Keeping more bees happy

I posted yesterday about a bed filled with annuals to keep pollinators happy. Today I am posting about another bed, this time with a mix of flowers, many of them perennial, that is supposed to encourage pollinators too.

I apologise for the photo but the planting was included in a ‘jobs for the week’ for my Garden News work and I have to appear in that. But it shows that I sprayed off the grass and grew all the plants in cell trays and they were planted in early April. It looked a right mess. I used a bulb planter for ease and speed since there were hundreds of plants. I put them in far too close but I will let things take their course and some things will thrive and others will die. Even in the wild, not all native plants will grow in every area so these conditions will suit some plants better than others. My mix was rather random and has no great merit. It includes seed-raised leucanthemum (a dwarf, large-flowered kind to represent ox-eye daisies) and nepeta ‘Grand View’ to provide contrasting tubular flowers. Despite the fact that the ‘lawn’ is full of plantain, I planted lots of plantains but the ‘ornamental’ form called ‘Purple Peversion’ with purple, crisped and curled leaves. It should be just as attractive to wildlife and plantain seeds are eaten by birds which I hope they are because if it seeds into the surrounding lawn it will look awful!

I also put in a few perennial violas as well as lots of Silene vulgaris to please the moths.

There are a few annuals too, including some cynoglossum mentioned yesterday. I popped in a few antirrhinums just to see what would happen but the major annual, for no particular reason, is Adonis aestivum, a widespread annual from the Mediterranean basin. This is sometimes called pheasant’s eye because of the small, blood red flowers.

It is a hardy annual that is poisonous and allegedly produces chemicals from the roots that slow the growth of surrounding plants. It doesn’t sound like a good thing to grow among the other plants but I can’t see any effect so far. It is often recommended as a good plant to provide a bold splash of red in the garden but only by people who have never grown it – the flowers are only 1cm across – although there are forms with orange or even yellow flowers. It is a nice thing but only really for, what the old Herbalists used to say, ‘the gardens of the curious’.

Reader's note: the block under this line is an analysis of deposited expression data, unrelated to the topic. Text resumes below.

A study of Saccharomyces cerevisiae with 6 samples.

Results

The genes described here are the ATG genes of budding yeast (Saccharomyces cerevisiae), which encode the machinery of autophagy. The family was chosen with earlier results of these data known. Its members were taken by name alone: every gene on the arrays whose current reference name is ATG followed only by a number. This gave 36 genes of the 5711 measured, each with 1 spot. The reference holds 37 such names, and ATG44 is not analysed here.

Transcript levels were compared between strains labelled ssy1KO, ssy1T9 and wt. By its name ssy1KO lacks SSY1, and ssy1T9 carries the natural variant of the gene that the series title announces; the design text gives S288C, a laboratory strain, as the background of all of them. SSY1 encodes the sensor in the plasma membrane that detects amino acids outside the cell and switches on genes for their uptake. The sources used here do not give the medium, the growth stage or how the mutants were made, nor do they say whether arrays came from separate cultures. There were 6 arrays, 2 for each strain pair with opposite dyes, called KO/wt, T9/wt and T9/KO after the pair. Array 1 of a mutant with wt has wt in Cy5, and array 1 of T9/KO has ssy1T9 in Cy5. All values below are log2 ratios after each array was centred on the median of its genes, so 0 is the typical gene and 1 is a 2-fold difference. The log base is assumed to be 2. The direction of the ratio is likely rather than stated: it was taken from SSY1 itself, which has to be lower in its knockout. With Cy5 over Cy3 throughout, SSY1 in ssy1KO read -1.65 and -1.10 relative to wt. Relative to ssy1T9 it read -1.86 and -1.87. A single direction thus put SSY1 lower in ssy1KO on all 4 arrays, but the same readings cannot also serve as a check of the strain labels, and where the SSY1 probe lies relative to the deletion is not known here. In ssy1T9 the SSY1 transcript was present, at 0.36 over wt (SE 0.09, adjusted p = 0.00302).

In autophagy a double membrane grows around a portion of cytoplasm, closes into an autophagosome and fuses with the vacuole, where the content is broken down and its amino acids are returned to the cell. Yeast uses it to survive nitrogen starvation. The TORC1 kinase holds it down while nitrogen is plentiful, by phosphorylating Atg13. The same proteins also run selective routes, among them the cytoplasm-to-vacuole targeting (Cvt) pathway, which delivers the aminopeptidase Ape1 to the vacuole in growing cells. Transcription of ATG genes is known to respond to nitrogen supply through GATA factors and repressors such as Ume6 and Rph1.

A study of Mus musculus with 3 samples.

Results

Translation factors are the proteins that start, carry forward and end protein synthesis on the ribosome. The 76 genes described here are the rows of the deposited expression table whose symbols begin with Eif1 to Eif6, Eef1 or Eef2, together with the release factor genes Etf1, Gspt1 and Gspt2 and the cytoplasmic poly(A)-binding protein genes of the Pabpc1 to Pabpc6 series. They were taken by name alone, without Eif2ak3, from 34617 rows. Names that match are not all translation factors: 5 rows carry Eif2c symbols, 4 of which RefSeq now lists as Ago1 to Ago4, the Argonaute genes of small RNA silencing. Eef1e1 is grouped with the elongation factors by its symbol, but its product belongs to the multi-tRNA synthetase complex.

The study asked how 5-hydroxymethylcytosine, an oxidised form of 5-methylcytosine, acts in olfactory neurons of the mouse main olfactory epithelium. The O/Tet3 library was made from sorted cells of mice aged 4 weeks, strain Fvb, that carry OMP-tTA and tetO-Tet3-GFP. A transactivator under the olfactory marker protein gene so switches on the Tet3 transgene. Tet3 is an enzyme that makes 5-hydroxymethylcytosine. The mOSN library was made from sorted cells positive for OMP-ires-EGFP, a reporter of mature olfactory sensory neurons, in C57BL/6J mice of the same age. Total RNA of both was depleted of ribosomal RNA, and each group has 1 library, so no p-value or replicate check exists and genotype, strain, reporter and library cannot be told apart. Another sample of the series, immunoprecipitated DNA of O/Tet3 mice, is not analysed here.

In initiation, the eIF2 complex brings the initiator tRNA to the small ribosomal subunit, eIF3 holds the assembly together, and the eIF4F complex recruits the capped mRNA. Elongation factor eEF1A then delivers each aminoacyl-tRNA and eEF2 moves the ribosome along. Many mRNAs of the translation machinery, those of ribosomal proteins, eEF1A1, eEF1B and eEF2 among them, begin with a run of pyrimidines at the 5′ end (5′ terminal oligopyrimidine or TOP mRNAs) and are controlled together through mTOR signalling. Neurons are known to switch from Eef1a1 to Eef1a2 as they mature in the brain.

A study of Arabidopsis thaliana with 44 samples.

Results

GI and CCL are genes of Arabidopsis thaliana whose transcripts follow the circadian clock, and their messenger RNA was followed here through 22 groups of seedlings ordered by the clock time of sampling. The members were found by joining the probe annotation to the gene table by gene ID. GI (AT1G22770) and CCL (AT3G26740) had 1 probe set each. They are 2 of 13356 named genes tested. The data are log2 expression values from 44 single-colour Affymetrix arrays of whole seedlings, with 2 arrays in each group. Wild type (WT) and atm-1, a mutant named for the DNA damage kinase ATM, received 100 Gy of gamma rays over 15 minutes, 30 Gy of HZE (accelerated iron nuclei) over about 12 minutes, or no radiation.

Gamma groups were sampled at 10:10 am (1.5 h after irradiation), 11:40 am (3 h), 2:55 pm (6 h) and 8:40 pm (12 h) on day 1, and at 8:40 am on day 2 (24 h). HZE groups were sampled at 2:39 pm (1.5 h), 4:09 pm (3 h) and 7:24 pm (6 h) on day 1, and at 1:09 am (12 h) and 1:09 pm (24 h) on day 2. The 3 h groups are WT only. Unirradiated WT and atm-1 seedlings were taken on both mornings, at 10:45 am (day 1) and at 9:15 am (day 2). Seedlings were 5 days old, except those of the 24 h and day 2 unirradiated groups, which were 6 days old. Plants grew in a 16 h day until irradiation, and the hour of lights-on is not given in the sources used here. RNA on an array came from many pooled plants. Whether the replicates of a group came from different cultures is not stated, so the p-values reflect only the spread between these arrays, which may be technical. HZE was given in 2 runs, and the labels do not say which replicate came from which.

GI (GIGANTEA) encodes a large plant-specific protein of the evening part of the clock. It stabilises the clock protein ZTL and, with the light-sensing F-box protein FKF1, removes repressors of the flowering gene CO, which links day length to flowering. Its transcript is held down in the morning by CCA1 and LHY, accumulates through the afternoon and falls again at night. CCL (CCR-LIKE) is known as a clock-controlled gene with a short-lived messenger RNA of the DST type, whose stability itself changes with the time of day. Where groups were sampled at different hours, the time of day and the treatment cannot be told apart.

The idea is that I will shear off the bed in autumn, allowing seeds of all plants to scatter, and then basically leave it. Grass is already moving back in as is clover. I am removing all willowherbs as I see them, but I will not do too much weeding. I will add more to the bed as I get them. I am not sticking to purely native plants, as you can see, but the aim is to provide flowers of a wide range of shapes and sizes for as long as possible and plenty of cover for beneficial insects as well as slugs and snails.


  1. Sustain |
    July 8, 2022 at 8:50 am #

    Well done for good work! 🌍😊

  2. Paddy Tobin
    July 8, 2022 at 12:58 pm #

    Let me test your brain: Can you suggest annuals as a cover-over for large plantings of snowdrops in parts of the garden which are dry? Smaller plants, low-growing would be best.

    • thebikinggardener
      July 8, 2022 at 1:41 pm #

      that is a really tricky one because it will be shady too and a dry, shady spot is going to be a problem for annuals. In addition, you dont really want lots of foliage from autumn-germinating annuals. So that restricts it to annuals that have fine foliage so they don’t swamp the snowdrops in spring. Nigella seems the obvious choice but not perfect. Nemophila might work too but I think the best would be impatiens balsamina. I know you have a quite logical suspicion of impatiens but this one seeds gently in my garden. It does not germinate till quite late in spring so would not bother the galanthus. The seedlings are easy to pull up and it would definitely grow in some shade. It is not, in my experience, as aggressive as most annual impatiens so I doubt it would become a nuisance.

      • Paddy Tobin
        July 8, 2022 at 4:49 pm #

        Good suggestions for me to think about there. Welsh poppies have proven reasonably successful in one bed.

        • thebikinggardener
          July 8, 2022 at 4:53 pm #

          That is a good option but I was very conscious that you may want the ground clear for the snowdrops, hence my limited offerings!